By: Rich Ptak, Managing Partner, Ptak, Noel & Associates LLC
Back in January, I said that the use of sophisticated analytics as a business and competitive tool would become widespread. Since then, the number of articles, blogs and announcements relating to analytics has increased dramatically: an internet search for the term ‘Business Analytics’ using Bing yields over 47 million hits. Smart Analytics (an IBM term) shrinks that number to approximately 12.3 million hits. If we change the search term to ‘Applied Analytics,’ the number decreases to a little less than 7 million hits.
Analytics has certainly captured the attention of government , business , the industry press and management. The question, though, is whether it’s being put to use in the trenches. Are CIOs and IT staff searching out, acquiring and applying these tools to address their problems? After all, it isn’t enough to have access to analytic tools and services; you have to understand how to use and apply them to real problems. How many users are actually prepared to move forward into the big world of applied analytics to solve pressing business problems? Where does one go to begin to use these tools? Are analytics only of use for working with ‘Big Data’? What is ‘Big Data’?
There are a lot of questions there; too many to exhaustively address in this blog, and some that can’t be resolved without some detailed research. We’ll provide answers based on our own experiences in interacting with clients, research and informed opinion.
First, let’s agree on a few definitions. It often seems ‘Big Data’ is defined in as many ways as there are vendors offering solutions. For our purpose, we’ll use a fairly loose definition that is based on the Volume, Velocity, Variety and Veracity of the data. Big Data comes in large enough volumes that it requires special software and hardware to process in a reasonable time (terabytes, petabytes and beyond!). At least some of the data, and perhaps all of it is ‘in motion’, coming in and moving out and changing very quickly. The source and form of the data is highly variable; it comes in different varieties, data types, structures and formats – audio, visual, media, structured unstructured, different sources, etc. The fourth characteristic is the question of data veracity i.e. uncertainty over the accuracy of data including questions of confidence in the source.
Second, analytics can cover a lot of ground, from manual number crunching to giant, specialty processors designed specifically to do real-time analysis in exploration for oil deposits. What we’re interested in, however, is the application of software-based analytics to collect, analyze and report on data collected in our IT and business environment.
Big Data and analytics are frequently paired; however, the relationship is far from exclusive. Analytics can be profitably applied to smaller data sets. The benefit comes from using the analytics to gain actionable information and insight across multiple business functions. This can be application of an investment analysis program to determine the potential profitability of a product development project by tracking development, packaging, marketing, delivery costs versus forecasts of revenue expected from sales and support under alternative market growth patterns. But, it can also be correlating event log data on application access, network traffic, file access and data routing of confidential files and initiating action to prevent those files from being published around the world.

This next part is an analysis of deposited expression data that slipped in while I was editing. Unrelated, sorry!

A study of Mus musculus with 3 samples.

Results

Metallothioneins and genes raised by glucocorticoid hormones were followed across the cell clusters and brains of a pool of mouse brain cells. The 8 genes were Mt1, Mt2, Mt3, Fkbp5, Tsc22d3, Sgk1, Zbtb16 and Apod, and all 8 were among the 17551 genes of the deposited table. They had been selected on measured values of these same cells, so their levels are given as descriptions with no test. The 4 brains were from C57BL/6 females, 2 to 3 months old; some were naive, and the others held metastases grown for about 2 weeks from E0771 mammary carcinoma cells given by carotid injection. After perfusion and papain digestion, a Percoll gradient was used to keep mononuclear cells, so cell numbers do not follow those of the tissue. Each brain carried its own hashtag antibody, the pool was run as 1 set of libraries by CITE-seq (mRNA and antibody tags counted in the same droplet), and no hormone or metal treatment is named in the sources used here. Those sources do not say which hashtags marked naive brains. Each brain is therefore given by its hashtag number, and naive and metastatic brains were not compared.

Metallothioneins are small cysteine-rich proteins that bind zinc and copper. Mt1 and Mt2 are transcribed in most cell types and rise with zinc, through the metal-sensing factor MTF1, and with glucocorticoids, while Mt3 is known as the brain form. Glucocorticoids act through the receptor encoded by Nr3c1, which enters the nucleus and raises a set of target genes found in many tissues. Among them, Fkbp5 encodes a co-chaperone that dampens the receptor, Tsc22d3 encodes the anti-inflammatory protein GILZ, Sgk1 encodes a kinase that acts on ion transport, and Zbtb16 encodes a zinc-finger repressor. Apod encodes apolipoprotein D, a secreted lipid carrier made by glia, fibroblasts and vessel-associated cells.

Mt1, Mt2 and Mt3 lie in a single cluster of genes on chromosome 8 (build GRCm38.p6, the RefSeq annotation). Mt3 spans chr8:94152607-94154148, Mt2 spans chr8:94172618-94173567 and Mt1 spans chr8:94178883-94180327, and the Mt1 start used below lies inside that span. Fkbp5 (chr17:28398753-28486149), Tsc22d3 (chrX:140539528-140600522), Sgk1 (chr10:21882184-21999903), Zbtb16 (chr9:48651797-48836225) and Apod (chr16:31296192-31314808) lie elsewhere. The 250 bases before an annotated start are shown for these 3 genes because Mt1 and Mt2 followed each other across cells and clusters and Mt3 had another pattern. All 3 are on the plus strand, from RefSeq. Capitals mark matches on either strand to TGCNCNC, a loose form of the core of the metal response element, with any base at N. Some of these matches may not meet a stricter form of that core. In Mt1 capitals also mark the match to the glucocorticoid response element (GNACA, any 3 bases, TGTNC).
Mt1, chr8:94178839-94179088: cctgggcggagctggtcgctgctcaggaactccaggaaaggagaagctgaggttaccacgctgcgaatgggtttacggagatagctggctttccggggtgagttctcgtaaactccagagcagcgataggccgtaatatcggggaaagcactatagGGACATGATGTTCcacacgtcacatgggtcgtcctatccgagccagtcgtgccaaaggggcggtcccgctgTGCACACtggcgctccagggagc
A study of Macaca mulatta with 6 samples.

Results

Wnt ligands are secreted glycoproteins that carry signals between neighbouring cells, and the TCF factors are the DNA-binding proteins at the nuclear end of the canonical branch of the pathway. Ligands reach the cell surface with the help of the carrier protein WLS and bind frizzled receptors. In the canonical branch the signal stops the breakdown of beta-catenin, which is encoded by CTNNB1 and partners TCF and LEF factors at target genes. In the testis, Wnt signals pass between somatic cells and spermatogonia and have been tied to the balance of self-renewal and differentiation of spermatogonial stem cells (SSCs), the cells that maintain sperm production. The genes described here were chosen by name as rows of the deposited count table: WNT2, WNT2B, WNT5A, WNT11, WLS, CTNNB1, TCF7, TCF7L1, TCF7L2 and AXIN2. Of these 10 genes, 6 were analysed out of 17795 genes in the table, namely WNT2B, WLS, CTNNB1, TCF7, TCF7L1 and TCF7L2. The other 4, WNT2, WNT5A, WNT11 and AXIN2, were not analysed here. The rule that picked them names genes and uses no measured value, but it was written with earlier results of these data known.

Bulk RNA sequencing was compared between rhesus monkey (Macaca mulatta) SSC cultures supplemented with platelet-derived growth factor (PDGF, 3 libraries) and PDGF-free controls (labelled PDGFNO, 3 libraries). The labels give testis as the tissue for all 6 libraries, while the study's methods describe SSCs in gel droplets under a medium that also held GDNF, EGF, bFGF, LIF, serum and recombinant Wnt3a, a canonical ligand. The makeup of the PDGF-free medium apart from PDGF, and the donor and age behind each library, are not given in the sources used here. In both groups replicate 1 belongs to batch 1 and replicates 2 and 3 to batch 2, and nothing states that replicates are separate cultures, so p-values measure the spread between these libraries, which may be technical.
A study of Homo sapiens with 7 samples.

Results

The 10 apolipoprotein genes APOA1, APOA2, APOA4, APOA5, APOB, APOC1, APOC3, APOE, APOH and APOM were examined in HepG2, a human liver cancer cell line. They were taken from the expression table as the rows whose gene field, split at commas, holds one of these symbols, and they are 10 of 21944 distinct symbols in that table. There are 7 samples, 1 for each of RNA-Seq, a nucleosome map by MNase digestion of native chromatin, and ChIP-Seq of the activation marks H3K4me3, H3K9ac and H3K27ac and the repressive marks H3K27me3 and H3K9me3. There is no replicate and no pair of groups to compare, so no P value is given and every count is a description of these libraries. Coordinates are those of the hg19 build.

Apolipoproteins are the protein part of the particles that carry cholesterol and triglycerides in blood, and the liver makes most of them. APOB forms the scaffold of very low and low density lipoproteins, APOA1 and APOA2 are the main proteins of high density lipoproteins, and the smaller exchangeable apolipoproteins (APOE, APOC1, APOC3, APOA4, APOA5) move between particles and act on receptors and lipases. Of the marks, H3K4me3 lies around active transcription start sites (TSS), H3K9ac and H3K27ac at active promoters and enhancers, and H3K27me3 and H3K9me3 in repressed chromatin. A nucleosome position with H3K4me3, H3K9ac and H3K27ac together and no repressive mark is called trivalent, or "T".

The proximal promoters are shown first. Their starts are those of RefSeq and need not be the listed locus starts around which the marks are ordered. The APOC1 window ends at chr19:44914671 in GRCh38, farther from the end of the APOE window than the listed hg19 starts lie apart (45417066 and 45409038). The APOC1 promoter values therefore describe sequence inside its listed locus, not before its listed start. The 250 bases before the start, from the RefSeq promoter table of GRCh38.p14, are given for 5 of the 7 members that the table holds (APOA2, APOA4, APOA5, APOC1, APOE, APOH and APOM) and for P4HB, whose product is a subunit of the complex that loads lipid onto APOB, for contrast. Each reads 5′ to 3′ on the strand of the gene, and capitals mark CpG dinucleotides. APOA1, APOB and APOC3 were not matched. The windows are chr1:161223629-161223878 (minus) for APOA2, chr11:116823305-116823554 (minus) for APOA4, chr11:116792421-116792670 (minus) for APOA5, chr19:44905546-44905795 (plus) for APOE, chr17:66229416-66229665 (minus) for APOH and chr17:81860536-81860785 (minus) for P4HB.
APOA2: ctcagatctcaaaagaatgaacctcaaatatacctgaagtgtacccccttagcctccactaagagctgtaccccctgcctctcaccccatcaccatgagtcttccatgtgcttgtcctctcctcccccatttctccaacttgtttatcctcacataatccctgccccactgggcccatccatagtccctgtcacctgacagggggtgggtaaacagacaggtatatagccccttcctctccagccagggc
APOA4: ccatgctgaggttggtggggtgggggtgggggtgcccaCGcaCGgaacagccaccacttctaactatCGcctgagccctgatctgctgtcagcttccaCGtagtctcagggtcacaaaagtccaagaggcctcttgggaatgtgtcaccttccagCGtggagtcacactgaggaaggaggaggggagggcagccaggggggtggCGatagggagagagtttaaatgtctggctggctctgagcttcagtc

It can also take the form of a Manager of Software Development recognizing his department has the potential to directly impact revenue. He has an idea that a regularly used, revenue-generating asset is not being used in a way that optimizes its potential for revenue generation. He’s convinced that if it were scheduled and managed more effectively this could be done. He knows the data to prove this is collected in logs and data files, but he needs to pull it all together. With some work, he can bootstrap a basic analysis from available tools to make his case to management for more detailed, integrated tools.
Those are typical examples of analytics in action today, and it is being done within the budgets of mid- to large-scale enterprises and without mathematical wizards on the payroll. Our discussions and experiences uncovered a lot more talk about Big Data and Analytics going on in the executive suite and among business and IT staff than previously. There is lot more planning and speculating about use going on among potential users and in enterprises and business of all sizes. But all too often, this isn’t translating into action.
The path to more effective use and application of analytics begins by using what you have today to its maximum advantage. Most businesses have a log management solution with at least some analytic capabilities. Start using the analytics if you aren’t already. Push your boundaries and use your imagination to identify new ways to use the analytics. Look at adding new data that can be correlated or plotted together to uncover new relationships. Extend the data view to adjacent, interacting and interdependent functions. The Software Dev manager spoken of earlier looked into the relationship of revenue generated with usage and scheduling to identify potentially profitable idle time. Look for a potential application and develop the case by using what you have to get to where you want to be.
Don’t be afraid to see what vendors are doing and offering to promote their own analytic solutions. You can get ideas about where to look and what problems are being solved by understanding what others have done. Look at vendor announcements to see how analytics are being promoted, then look for the opportunity in your own environment.